Nameplates

Day 206.

The Bluenose had nameplates on both the bow and stern.  The bow nameplates had the name of the ship along with some decorative art painted on the outside of the bulwarks up near the hawse pipes.

The stern nameplate was on the transom.  At different points in the ship’s life, it was painted differently.  At some point, it was painted quite largely on the stern, while at another point it was painted on the monkey board.

The Model Shipways Bluenose kit provides drawings for these in the plans, but does not provide tools/parts/materials to actually make them.  Some modelers paint these on by hand.  I don’t have that much skill with a paintbrush.  Instead, I decided to use decals.

I purchased some ‘white on white’ inject printable decal paper from Micro Mark.  This specialty paper lets you print any design on the paper, then apply it as a normal ‘water slide’ decal.

A water slide decal requires that you soak the decal in water for about a minute, at which point the decal separates from the backing.  You then lift the decal out (carefully) and place it on your model.  When the decal dries, it sticks to the surface.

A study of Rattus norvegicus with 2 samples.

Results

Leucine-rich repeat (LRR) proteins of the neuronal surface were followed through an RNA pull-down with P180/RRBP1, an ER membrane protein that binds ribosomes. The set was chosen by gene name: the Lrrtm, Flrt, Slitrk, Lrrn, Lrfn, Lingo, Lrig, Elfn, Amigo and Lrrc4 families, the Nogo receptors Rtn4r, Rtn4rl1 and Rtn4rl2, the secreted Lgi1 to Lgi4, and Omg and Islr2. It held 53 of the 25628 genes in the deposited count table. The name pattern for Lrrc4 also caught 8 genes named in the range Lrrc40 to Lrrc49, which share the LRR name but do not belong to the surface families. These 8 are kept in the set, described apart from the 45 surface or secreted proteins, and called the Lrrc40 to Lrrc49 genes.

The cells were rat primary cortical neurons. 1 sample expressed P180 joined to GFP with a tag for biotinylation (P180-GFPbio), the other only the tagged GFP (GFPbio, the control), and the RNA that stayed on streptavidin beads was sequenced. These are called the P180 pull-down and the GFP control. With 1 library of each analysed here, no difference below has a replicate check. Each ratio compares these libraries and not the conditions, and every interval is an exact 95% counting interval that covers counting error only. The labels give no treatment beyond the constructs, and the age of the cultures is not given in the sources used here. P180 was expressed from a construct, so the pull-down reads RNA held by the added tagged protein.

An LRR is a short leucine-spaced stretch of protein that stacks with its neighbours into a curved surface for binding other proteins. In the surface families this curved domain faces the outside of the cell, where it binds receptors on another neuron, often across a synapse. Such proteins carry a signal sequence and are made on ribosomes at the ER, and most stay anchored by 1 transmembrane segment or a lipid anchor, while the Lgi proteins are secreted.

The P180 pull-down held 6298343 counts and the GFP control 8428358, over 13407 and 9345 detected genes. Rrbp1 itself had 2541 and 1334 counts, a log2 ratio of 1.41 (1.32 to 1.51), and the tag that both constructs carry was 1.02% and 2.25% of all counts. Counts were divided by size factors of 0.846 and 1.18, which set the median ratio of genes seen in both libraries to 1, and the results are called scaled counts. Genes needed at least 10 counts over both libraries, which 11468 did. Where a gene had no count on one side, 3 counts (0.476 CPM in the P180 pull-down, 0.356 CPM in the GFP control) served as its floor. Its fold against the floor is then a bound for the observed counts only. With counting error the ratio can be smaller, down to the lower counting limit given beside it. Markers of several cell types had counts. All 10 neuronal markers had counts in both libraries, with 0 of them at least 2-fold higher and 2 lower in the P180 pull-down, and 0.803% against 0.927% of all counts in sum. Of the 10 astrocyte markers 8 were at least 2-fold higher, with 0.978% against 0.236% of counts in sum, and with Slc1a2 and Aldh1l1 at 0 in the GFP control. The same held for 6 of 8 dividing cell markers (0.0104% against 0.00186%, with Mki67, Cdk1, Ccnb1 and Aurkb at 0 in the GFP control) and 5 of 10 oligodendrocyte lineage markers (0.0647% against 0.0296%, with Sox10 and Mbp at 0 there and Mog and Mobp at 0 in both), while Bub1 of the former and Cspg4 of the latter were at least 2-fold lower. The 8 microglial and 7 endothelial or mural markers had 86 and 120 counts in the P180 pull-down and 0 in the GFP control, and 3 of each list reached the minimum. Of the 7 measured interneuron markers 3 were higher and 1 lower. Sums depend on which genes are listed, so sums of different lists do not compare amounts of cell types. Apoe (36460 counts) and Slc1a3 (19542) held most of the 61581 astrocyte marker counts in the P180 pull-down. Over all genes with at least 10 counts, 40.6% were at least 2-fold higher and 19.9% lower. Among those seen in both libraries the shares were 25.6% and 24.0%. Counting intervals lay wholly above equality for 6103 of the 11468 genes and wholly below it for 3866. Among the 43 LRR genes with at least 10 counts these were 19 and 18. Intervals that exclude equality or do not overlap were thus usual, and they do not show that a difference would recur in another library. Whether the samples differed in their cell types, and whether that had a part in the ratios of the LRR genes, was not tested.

This specialty paper lets me print my own decals using my computer and inkjet printer.

To create the art, I started with scanned copies of the plans.  I found a font that looked good, and created an art file in PhotoShop that had the wording along with the decorative elements.


I printed out a sample on normal paper to make sure I had the size right.

Once I had these printed on the decal paper, I gave them a quick coat of clear spray lacquer.  This coats the paper and protects the ink (otherwise the water would ruin the ink).


Once the lacquer dried, I cut the individual pieces out.

One by one, they were soaked in a bowl of water, separated from the backing, and placed on the ship.

Excess water was blotted off with a rag, then I brushed on some decal solvent (also from Micro Mark).  The solvent softens the decal so it conforms to the shape of the hull a little better.

After they all dried, I did some touch-ups along the edges with a fine tip brush and some black paint.  Since I was using white on white paper, the edges showed the white of the paper.  The paint helped to blend the decal into the hull even further.


Now I’ve got decent nameplates on both sides of the bow and along the stern.  The only remaining decorative element on the hull is the scroll work, which is a whole different problem.